The archerfish is known to hunt land-based preys by squirting water on them and knocking them off into the water before feasting on them. Findings of a new research, however, found that the fish is more adept at creating and using water jets than previously believed and showed how the fish manipulate the water for its advantage.
In a new study published in the journal Current Biology on Sept. 4, Peggy Gerullis and Stefan Schuster, both from the Department of Animal Physiology at the University of Bayreuth in Germany, used high-speed camera to record specially trained archerfish targeting small spheres that are 20 to 60 cm. away so they could measure the force and velocity of the water jets produced and examine how the fishes influence the hydrodynamics of these jets.
Earlier research has found that the archerfish forms its mouth into a gun-barrel like shape before spitting out powerful streams of water. For the new study, the researchers found that the fish modulate these water jets so it could powerfully hit its target even over an extended range with precision, an ability that the researchers said is comparable to powerful throwing ability in humans.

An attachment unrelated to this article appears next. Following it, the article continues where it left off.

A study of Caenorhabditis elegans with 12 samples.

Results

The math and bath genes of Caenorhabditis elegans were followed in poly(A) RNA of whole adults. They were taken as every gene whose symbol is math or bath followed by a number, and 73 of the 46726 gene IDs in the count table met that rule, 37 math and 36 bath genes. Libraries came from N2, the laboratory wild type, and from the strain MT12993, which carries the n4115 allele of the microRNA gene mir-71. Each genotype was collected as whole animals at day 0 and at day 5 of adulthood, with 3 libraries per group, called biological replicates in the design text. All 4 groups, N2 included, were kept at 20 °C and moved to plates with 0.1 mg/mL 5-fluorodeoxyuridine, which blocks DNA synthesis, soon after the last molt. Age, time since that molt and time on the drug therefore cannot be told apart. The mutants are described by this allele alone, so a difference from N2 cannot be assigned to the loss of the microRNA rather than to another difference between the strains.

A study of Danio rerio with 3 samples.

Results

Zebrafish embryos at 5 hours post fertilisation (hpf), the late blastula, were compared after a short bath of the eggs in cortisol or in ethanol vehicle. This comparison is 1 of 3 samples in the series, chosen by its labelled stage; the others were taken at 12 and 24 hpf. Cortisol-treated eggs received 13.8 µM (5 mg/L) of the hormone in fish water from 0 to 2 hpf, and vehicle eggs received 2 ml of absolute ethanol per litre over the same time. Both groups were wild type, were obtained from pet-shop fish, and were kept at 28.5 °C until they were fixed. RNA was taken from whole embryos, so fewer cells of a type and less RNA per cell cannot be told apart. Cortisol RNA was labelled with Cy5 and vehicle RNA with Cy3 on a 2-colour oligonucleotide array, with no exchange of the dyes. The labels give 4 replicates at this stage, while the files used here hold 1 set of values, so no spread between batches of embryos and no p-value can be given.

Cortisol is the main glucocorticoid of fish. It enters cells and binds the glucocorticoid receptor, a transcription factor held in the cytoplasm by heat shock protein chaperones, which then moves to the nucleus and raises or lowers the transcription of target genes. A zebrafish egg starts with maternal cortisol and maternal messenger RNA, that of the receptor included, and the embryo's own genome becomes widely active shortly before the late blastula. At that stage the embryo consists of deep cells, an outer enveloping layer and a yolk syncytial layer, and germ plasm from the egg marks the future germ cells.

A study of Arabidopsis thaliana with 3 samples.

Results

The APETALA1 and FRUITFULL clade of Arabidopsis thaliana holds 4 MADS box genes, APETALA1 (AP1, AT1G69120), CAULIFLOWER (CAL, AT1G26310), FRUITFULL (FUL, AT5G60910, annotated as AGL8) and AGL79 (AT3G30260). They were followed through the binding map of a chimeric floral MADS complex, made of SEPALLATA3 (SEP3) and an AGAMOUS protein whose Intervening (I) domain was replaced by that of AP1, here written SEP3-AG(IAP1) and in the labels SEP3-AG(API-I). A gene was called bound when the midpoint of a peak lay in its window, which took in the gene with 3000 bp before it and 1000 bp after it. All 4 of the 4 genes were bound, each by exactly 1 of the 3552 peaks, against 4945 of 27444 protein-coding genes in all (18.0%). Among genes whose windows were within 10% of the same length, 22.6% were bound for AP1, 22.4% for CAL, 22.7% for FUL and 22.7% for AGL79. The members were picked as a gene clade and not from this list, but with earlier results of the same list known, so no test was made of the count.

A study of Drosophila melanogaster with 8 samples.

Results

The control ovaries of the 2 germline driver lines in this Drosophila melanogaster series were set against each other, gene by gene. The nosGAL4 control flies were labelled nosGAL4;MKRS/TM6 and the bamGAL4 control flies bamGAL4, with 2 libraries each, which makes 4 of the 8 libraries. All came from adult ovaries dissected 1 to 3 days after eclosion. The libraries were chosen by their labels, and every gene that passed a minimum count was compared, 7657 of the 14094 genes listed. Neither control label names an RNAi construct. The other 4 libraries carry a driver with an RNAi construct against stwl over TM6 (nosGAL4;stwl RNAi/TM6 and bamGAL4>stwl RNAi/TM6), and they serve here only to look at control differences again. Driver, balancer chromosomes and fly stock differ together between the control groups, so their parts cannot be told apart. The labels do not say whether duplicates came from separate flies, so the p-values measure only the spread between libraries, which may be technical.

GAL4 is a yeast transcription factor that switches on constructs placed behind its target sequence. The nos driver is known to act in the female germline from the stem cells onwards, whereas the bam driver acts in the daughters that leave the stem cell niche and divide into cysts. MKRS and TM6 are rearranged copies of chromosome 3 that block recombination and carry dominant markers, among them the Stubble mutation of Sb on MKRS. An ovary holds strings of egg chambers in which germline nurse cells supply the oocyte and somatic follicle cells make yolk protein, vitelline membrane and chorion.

"The time needed until water assembles at the jet tip is not fixed," the researchers wrote. "Rather, it is adjusted so that maximum focusing occurs just before impact. Surprisingly, the fish achieve this by modulating the dynamics of changes in the cross-section of their mouth opening."
Archerfish are highly accurate at shooting with the adult fish almost always hitting their target in their first attempt and the special ability to squirt water jets at their prey which include small lizards, spiders and insects, has made it popular in aquariums. Based on how the fish intentionally and actively affects the hydrodynamics of the water jet to successfully aim and catch its prey, the researchers said that the fish is using the water as a tool.
"It's analogous to a human throwing a stick," Schuster said. "If they just threw the stick, it wouldn't count as using a tool because they didn't change it. But if they sharpened it or removed branches, that would be a tool."
Schuster sees potentials in the mechanism used by the fish to precisely alter the hydrodynamic properties of water. He said that this mechanism could be applied in human-built nozzles and adjustable jets that have crucial uses in a number of industries.